Friday, May 16, 2008

Eat real food. Eat more plants instead of meat

I'm at home on maternity leave and this means that for about 20 minutes every 1 to 4 hours, I am propped in a comfy chair lined with pillows and with a little baby girl latched on to me for dear life. As my toddler son so eloquently puts, she's eating me.

Being a food source, it shouldn't be too surprising that I have been thinking about food quite a bit as of late, especially after seeing Mark Bittman's TED Talk What's wrong with what we eat. I've been watching TED talks while I have been breast feeding. It beats the hell out of television.

Now, if you already follow Bittman's and Michael Pollan's work in The New York Times, then not much in this video will be new to you.But if you haven't, here's a synopsis of what he says: Eat more plants instead of meat. Eat real food.

The production of livestock is the second highest contributor to greenhouse gases. It's just after energy production and just before transportation. So instead of buying carbon credits every time you fly, perhaps you should buy some after you dine out at The Keg for steaks. Or you could eat less meat and more plants. It's better for your health and it's essential for our planet's health. Bittman provides many more details and many more reasons why to make the switch.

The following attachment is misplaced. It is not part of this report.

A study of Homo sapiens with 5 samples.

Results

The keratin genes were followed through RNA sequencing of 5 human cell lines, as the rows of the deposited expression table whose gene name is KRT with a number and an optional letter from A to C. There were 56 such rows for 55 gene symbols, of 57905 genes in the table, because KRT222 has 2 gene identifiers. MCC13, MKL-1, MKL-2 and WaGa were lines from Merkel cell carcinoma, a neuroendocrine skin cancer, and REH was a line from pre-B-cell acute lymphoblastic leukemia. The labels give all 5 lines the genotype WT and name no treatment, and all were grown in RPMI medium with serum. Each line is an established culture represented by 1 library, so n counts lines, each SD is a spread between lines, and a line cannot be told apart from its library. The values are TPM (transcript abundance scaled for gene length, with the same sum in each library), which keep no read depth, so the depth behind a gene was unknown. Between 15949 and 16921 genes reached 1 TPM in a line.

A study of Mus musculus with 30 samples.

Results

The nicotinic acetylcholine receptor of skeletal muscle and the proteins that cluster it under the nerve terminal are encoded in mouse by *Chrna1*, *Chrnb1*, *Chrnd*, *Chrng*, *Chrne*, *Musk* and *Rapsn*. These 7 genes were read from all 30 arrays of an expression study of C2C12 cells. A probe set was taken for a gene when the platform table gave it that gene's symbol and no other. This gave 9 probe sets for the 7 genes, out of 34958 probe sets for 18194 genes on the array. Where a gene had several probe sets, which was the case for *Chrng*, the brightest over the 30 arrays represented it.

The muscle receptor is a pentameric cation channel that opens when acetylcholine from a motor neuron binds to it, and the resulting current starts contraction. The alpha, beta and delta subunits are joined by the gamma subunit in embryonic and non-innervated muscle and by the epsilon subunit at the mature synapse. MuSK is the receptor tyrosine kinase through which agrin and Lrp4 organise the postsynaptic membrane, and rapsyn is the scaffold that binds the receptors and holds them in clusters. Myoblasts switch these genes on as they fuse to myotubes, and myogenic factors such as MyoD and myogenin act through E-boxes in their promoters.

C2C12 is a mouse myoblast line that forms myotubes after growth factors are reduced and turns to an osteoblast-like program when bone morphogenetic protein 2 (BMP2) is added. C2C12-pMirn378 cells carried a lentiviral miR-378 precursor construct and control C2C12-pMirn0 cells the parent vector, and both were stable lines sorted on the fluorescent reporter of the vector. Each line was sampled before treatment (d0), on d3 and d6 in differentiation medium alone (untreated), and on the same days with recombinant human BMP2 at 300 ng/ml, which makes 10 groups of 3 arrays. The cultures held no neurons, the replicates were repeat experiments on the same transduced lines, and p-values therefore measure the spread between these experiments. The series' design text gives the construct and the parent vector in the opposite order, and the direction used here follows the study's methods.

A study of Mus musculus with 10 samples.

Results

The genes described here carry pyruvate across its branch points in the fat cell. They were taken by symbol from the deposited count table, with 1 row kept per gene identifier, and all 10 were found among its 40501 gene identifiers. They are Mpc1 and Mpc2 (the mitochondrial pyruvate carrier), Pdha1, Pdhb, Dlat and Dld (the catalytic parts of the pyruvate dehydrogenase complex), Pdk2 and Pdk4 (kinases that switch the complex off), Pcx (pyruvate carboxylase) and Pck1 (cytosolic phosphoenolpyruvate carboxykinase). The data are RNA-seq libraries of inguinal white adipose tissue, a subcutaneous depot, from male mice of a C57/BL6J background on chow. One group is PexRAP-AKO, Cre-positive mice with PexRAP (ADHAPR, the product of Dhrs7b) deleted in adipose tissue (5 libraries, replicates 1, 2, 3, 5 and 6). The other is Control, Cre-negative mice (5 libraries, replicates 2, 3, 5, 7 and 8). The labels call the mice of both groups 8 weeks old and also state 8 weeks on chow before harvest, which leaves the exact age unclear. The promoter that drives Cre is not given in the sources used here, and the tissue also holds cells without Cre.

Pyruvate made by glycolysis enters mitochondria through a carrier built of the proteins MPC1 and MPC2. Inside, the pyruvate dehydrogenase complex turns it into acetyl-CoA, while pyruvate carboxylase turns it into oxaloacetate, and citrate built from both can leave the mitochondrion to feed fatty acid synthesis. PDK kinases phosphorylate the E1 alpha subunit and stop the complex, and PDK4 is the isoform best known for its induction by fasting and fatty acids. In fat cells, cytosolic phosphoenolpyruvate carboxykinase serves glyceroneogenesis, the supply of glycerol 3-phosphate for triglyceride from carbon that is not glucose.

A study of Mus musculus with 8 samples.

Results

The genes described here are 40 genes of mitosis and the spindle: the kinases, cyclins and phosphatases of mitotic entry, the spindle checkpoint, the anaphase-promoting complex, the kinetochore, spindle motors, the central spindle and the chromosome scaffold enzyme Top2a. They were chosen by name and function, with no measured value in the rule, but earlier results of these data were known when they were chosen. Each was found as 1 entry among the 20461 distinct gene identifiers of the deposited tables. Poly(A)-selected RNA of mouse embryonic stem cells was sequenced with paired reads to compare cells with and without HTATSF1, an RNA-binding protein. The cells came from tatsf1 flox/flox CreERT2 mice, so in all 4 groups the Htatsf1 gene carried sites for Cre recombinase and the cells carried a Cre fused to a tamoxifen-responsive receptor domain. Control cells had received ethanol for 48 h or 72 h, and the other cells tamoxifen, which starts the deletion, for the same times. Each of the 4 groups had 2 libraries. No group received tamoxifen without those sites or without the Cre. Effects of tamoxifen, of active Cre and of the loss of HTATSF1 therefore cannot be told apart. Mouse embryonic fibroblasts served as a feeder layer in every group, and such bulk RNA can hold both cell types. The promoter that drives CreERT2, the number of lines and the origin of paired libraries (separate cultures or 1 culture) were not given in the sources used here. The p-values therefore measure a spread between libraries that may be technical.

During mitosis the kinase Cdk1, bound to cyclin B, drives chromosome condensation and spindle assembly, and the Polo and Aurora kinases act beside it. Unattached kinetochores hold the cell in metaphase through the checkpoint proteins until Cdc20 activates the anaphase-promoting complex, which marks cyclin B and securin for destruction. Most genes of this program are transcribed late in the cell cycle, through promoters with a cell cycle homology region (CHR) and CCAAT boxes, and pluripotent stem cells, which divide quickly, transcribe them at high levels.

What I particular like about this talk is that Bittman lays out why the trendy and frequently promoted practices of eating organic food or being encouraging consumers to be concerned about food miles are not the solutions for the food problems at hand.

Bittman says that being a localvore only makes sense if you live in a place like California. Now, I would content that those living in 4-0-Wonderland, *do* live in a place like California - food-production-wise, of course. Its a good thing that we grow lots of plants round here.

Monday, May 12, 2008

Building a (charity) foundation

Have you noticed that pretty much every celebrity has a charitable foundation to their name? (some of which are a little dodgy) It got me thinking and I started doing some thinking that perhaps I would like create my own. Evidently, its quite easy to do... once you have at least 5 million dollars you are willing to part with.

One of the off-shoots of this little research jaunt is that I learned of something new to me: the community foundation - the charity foundation for the rest of us. Here's a comparison between private foundations and community foundations [pdf].

And following this thread, I learned of The Greater Windsor Community Foundation.